Heidi Kenworthy, a teacher at Rio Rancho Cyber Academy, punches a bag Sunday during a self-defense class in Rio Rancho. (Adolphe Pierre-Louis/Albuquerque Journal)

Just two-and-a-half weeks after the deadly school shooting in Florida, dozens of Albuquerque-area teachers spent Sunday afternoon at a Rio Rancho dance studio learning self-defense skills and active shooter response strategies.

“I was literally afraid to go to work and I was having nightmares,” said Christina Daly, owner of Sparrow Dance Productions, who also works as a teacher in Rio Rancho. “I was afraid for my students, because I want to be able to protect them.”

So Daly teamed up with Gloria Marcott, a Rio Rancho police officer who runs Soul Punch Self Defense, to offer a free self-defense training every Sunday for teachers and for anyone else who feels they need it.

Daly said students look to their teachers for protection in moments of crisis.

Rio Rancho police officer Gloria Marcott, right, and retired Bernalillo County sheriff’s deputy Josh Perkins teach a self-defense class on Sunday. (Adolphe Pierre-Louis/Albuquerque Journal)

“If I was a student, I would want to be in the class with a teacher who had extensive self-defense and active-shooter training,” Daly said. “I would be able to do my studies knowing that I was safe.”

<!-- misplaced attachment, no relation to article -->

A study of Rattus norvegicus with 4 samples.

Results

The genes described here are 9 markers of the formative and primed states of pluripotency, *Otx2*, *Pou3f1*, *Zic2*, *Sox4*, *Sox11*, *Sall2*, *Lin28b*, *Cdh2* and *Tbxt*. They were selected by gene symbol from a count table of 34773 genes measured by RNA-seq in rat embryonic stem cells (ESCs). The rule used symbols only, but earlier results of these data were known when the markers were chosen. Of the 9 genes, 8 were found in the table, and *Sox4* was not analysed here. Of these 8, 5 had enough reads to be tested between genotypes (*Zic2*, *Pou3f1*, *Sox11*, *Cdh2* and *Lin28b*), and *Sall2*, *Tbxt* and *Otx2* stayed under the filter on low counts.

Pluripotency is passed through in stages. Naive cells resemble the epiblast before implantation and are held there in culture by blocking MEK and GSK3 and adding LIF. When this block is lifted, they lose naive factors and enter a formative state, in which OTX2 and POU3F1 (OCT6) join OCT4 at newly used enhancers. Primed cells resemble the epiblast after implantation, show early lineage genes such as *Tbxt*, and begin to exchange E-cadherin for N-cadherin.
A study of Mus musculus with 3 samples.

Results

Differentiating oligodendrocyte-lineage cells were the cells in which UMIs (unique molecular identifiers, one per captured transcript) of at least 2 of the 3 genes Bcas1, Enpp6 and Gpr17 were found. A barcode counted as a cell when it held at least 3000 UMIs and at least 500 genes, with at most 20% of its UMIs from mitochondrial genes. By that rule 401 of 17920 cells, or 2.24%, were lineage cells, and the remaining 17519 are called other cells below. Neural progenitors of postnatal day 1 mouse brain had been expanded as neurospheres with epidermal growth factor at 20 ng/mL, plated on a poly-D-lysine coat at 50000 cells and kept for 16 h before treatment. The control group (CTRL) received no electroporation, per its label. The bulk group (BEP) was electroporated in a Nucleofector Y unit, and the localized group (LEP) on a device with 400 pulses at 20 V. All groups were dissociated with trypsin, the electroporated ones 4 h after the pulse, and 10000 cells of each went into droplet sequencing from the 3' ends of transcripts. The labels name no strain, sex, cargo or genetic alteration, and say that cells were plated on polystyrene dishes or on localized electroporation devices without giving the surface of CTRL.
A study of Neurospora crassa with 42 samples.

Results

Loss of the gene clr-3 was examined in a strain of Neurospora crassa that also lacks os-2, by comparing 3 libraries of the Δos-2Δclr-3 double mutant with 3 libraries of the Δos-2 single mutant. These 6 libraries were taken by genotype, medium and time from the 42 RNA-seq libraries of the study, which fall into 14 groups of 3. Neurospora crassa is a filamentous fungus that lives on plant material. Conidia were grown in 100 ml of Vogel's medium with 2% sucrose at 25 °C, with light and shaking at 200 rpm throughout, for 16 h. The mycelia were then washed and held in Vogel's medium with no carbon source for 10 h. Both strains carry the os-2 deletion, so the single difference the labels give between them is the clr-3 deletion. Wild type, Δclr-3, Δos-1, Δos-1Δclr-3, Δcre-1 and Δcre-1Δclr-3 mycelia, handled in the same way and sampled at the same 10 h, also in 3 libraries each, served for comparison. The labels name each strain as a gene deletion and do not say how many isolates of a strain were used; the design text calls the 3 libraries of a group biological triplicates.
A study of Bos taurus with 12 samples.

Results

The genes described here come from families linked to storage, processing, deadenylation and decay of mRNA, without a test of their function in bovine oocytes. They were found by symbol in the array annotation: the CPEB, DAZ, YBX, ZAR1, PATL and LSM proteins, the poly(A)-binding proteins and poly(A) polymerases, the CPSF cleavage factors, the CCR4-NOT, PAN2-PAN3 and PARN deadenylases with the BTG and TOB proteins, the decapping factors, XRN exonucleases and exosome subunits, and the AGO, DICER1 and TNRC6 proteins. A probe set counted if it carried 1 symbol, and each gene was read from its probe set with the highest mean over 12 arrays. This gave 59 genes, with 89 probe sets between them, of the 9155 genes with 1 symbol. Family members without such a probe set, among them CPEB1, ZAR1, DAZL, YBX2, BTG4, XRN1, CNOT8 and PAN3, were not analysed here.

Marcott taught participants how to punch, along with moves for escaping a chokehold or fending off a knife attack, in addition to other strategies.

“We’ve gotta get from thinking I’m going to be OK to knowing I’m going to be OK,” Marcott told the group.

Afterward, representatives from the Rio Rancho Police Department and the Sandoval County Sheriff’s Office offered active shooter training.

Teachers Sarah Hosford-Campbell, left, and Monica Manly practice self-defense techniques in a class in Rio Rancho on Sunday. (Adolphe Pierre-Louis/Albuquerque Journal)

Heidi Kenworthy, a teacher at the Rio Rancho Cyber Academy, said the extra training was a way to channel fear into something productive.

“You can change your nightmares into something that you have a solid plan of action for, which gives us peace and comfort,” she said. “And then you can refocus on teaching your kids.”

The class comes after the Feb. 14 shooting at Marjory Stoneman Douglas High School in Parkland, Fla., that killed 17 people. The attack, among the deadliest school shootings in American history, has reopened a national discussion on school safety and gun control, including consideration of allowing teachers to carry weapons in school.